Graduates are taught they should appreciate any job that they get, but what if the role is really unsuitable? Real World offers advice on what to do if you are stuck in a similar situation.
Every week (or so it seems) newspapers are describing the struggle of reams of graduates to find a job. By now we’re all familiar with the gloomy scene – new graduates fight tooth and nail for every position, job centres are brimming with disillusioned ex-students and, if forecasts are to be believed, the economy will get worse before it gets better. So what happens if, despite the miserable backdrop, you’re lucky enough to land a job? Great news! Unless of course it’s a job you don’t enjoy. So what should you do? Grin and bear it, or cut your losses and run?
Perhaps unsurprisingly, since the economic downturn, job dissatisfaction has been on the rise. Cuts, decreased promotion prospects and increased workloads are making more of us unhappy at work than ever. But what options are available for an unhappy employee?
Real World took some of these concerns to the primary career advisor at the University of Kent, Bruce Woodcock. According to Bruce, the sector you belong to has a huge impact on the options available to you. For instance, in jobs where professional accreditation is required, the possibility for change is generally less than in other careers. If you’re a lawyer, for instance, you’d be hard pressed to switch to accounting without significant retraining, which means investing a lot of time and money. However, you might be able to make a ‘diagonal move’ into a role that’s more suitable for you. For example, both lawyers and accountants could become chartered secretaries, a position which combines both sets of expertise.
The majority of careers however are less specialised than law or accounting, and most degrees lend themselves to a large variety of job options. Using the increasingly popular media as an example, Bruce described how a graduate may begin a career in advertising, but will often move into marketing or PR at a later time. Whatever the sector, Bruce believes there are three essential elements for job satisfaction: autonomy (having control over your own work), mastery (using a skill to a high level) and purpose (making a difference). The good news is that it’s possible to improve each of these both in the workplace and out of it. One way to make a positive change is to identify areas of your role that you do enjoy, and focus on making them a more fundamental part of your job – by taking a short training course to strengthen existing skills, for example.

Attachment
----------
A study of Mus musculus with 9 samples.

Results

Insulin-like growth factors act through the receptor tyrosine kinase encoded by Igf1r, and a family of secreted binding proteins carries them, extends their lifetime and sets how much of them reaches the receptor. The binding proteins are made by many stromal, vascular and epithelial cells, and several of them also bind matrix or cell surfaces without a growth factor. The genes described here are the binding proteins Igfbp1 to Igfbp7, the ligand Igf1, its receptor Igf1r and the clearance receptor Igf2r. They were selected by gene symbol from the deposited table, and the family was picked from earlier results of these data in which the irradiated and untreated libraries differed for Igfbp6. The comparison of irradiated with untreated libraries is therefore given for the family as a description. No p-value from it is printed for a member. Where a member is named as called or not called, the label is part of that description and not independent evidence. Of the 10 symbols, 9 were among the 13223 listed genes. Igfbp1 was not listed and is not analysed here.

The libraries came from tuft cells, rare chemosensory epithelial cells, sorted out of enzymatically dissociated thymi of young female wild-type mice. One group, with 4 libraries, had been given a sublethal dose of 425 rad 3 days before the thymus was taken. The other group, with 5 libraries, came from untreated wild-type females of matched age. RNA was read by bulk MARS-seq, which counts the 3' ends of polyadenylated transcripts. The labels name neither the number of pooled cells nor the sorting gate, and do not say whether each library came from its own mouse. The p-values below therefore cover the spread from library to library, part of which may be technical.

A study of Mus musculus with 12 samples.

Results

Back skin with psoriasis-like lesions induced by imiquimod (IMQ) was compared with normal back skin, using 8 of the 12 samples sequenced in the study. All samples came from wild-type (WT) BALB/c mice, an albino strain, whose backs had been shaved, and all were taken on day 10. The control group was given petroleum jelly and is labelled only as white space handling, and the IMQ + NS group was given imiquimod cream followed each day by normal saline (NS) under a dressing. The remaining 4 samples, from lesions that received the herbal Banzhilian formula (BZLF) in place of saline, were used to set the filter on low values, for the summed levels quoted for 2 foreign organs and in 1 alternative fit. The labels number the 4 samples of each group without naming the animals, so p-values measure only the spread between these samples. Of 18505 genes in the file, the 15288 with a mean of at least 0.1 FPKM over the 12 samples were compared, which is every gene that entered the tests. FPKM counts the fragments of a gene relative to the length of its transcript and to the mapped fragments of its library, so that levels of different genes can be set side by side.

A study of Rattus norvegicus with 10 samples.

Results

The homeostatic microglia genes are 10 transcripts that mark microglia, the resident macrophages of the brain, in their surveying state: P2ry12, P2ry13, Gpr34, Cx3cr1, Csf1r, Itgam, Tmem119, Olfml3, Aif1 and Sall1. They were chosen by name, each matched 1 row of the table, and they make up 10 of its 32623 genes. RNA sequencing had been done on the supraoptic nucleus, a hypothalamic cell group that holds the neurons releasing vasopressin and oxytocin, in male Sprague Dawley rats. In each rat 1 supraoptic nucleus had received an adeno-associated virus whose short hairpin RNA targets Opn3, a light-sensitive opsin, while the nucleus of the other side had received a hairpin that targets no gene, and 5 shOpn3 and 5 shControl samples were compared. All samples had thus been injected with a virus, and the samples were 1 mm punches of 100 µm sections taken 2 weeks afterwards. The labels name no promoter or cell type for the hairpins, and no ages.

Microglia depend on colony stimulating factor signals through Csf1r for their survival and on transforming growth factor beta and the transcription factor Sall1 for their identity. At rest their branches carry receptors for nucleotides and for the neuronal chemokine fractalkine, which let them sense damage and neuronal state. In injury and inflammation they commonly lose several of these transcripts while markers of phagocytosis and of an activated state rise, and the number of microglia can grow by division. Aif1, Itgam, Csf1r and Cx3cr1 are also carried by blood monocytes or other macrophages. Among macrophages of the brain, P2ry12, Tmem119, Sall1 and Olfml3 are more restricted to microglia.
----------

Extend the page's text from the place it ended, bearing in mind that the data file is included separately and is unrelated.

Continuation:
Another key player in terms of workplace happiness is having a sense of purpose. This might be achieved by having a job whose demands closely match the things you’re good at. It might also be achieved by switching to the not-for-profit sector – doing the same role for a charity, for example, rather than a large corporation where profit is the main motivation.
Last but not least, commuting times have been shown to have a negative effect on job satisfaction. Moving closer to work or applying for positions in your local area can make a difference and give the option of walking or cycling to work.
The upshot is that if you hate your job, it may be easier than you think to change your circumstances. Adults spend out a third of their waking hours at work, so it’s essential to find an occupation that makes you tick. Changing your job might mean tailoring your role to encompass more of the things you enjoy. It might mean reducing the hours you spend travelling to work, or it could mean a new start altogether. Many degrees are broad enough in scope to lend themselves to many different sectors, and even the most specialised careers offer the possibility for sector related movement and the chance to get stuck into a different or more appropriate role.